Indie: An American Culture — Michael Z. Newman

Michael Z. NewmanOn his blog Zigzigger, Michael Newman author of Indie: An American Film Culture , offers a “behind the scenes” look at the book.

In the post Newman explains how parenting helped with his productivity, the genesis behind the title and cover for the book, and his introduction to independent cinema in the late 80s and early 90s. Of course, the post also describes some elements of the book’s content, including his interest in both the narrative or aesthetic elements of independent film and its social functions. Newman writes:

One thing I’m especially pleased with is how Indie balances two senses of culture: as works to be analyzed, and as social ways of knowing and experiencing. A film culture functions in both of these senses, and I try to combine an analysis of indie’s value as a cultural category, and its coherence as a body of films calling on a coherent set of expectations about form and meaning. When I say film culture, I always mean both of these things.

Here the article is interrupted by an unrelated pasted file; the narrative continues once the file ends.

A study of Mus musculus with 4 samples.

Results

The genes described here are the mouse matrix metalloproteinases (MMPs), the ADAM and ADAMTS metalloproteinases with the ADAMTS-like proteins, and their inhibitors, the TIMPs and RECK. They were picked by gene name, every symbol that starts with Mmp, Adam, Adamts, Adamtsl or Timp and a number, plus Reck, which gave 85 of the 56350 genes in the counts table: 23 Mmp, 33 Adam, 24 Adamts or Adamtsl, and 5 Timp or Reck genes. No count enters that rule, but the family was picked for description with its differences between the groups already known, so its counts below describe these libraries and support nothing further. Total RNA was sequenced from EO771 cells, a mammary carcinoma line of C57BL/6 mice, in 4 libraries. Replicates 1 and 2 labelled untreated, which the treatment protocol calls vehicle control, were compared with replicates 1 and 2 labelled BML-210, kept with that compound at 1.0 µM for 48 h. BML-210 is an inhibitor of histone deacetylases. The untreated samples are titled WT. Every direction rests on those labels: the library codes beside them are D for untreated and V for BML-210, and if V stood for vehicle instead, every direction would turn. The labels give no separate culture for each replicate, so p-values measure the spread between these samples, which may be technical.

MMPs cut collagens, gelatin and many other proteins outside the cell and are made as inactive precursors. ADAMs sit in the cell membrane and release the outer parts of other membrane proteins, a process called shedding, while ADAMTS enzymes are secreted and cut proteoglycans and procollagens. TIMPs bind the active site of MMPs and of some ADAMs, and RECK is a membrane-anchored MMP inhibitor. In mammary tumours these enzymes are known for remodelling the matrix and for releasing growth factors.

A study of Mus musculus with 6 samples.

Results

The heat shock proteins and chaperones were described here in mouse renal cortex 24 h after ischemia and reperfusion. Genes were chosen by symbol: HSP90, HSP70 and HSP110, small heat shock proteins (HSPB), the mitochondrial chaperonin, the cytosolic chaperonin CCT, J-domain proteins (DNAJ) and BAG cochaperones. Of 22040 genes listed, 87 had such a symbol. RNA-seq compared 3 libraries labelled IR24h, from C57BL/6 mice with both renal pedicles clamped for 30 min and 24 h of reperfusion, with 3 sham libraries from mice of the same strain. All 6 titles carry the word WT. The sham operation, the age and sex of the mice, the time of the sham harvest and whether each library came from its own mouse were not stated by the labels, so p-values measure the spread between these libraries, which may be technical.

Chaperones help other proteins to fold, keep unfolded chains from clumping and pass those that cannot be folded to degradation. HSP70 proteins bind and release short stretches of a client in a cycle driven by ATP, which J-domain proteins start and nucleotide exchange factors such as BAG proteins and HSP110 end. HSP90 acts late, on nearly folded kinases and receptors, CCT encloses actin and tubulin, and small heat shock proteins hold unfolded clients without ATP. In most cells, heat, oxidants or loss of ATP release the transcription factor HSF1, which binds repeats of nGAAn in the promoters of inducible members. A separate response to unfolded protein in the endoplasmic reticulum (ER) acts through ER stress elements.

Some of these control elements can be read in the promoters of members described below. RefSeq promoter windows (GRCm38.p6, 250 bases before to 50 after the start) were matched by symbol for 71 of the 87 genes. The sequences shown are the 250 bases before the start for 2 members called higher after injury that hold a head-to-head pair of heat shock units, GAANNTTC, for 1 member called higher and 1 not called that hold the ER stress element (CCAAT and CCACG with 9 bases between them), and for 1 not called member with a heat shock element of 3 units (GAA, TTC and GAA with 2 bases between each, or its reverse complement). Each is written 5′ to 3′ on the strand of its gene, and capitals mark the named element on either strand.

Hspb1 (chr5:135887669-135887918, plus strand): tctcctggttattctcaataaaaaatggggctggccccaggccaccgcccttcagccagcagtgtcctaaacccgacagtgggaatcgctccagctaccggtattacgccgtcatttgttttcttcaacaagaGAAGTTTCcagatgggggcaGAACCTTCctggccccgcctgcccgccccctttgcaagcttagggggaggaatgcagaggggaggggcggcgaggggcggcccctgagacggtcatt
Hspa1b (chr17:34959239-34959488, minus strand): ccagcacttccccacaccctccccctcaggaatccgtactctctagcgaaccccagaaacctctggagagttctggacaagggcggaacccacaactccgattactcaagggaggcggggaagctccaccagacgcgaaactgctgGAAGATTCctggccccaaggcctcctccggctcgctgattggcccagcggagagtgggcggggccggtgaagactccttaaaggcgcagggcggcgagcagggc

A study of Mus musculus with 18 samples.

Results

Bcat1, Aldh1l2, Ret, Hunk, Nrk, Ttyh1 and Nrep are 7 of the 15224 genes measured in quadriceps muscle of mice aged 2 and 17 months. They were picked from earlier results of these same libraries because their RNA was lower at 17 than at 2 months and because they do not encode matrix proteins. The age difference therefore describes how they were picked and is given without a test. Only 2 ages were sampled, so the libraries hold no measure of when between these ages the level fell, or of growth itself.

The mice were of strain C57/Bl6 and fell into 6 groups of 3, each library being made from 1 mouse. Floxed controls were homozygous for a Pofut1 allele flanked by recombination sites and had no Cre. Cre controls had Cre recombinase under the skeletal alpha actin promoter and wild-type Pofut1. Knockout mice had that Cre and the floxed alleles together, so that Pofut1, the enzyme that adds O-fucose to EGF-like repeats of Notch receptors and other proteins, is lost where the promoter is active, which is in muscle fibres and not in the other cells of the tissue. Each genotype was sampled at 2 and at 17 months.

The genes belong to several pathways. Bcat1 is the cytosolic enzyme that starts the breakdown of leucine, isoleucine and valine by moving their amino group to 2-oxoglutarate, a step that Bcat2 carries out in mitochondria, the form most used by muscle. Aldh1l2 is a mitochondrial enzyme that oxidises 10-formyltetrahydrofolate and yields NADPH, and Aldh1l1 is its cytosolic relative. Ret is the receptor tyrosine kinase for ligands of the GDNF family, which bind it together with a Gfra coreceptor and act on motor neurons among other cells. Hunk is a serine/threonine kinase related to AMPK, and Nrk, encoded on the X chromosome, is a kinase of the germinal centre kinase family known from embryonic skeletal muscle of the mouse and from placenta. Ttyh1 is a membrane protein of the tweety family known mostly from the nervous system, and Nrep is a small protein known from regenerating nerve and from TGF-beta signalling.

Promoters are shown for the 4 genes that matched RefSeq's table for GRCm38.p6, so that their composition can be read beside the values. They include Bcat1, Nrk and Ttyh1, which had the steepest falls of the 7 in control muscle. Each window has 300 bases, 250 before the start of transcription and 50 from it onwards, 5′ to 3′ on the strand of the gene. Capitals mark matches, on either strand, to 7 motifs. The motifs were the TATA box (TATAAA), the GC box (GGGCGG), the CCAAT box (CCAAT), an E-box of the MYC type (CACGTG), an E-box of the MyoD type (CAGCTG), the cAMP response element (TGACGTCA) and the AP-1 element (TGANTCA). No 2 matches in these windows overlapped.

He also talks about the use of a still from Juno for the cover. The film has a contested status among the indie community:

Juno is an example of a movie that some members of the indie community sought to de-authenticate, to remove from consideration as indie because of its heavy marketing by Fox Searchlight, its mainstream appeal, its lack of indie bona fides. One of my central claims about indie cinema is that it’s a slippery, contested category, and that it can only be understood as it is used within indie film culture. I would not exclude it because it is so widely thought to belong, but the efforts of some critics and bloggers to distance themselves from Juno (and of many people I have talked to personally) reveals much about the values sustaining independent cinema.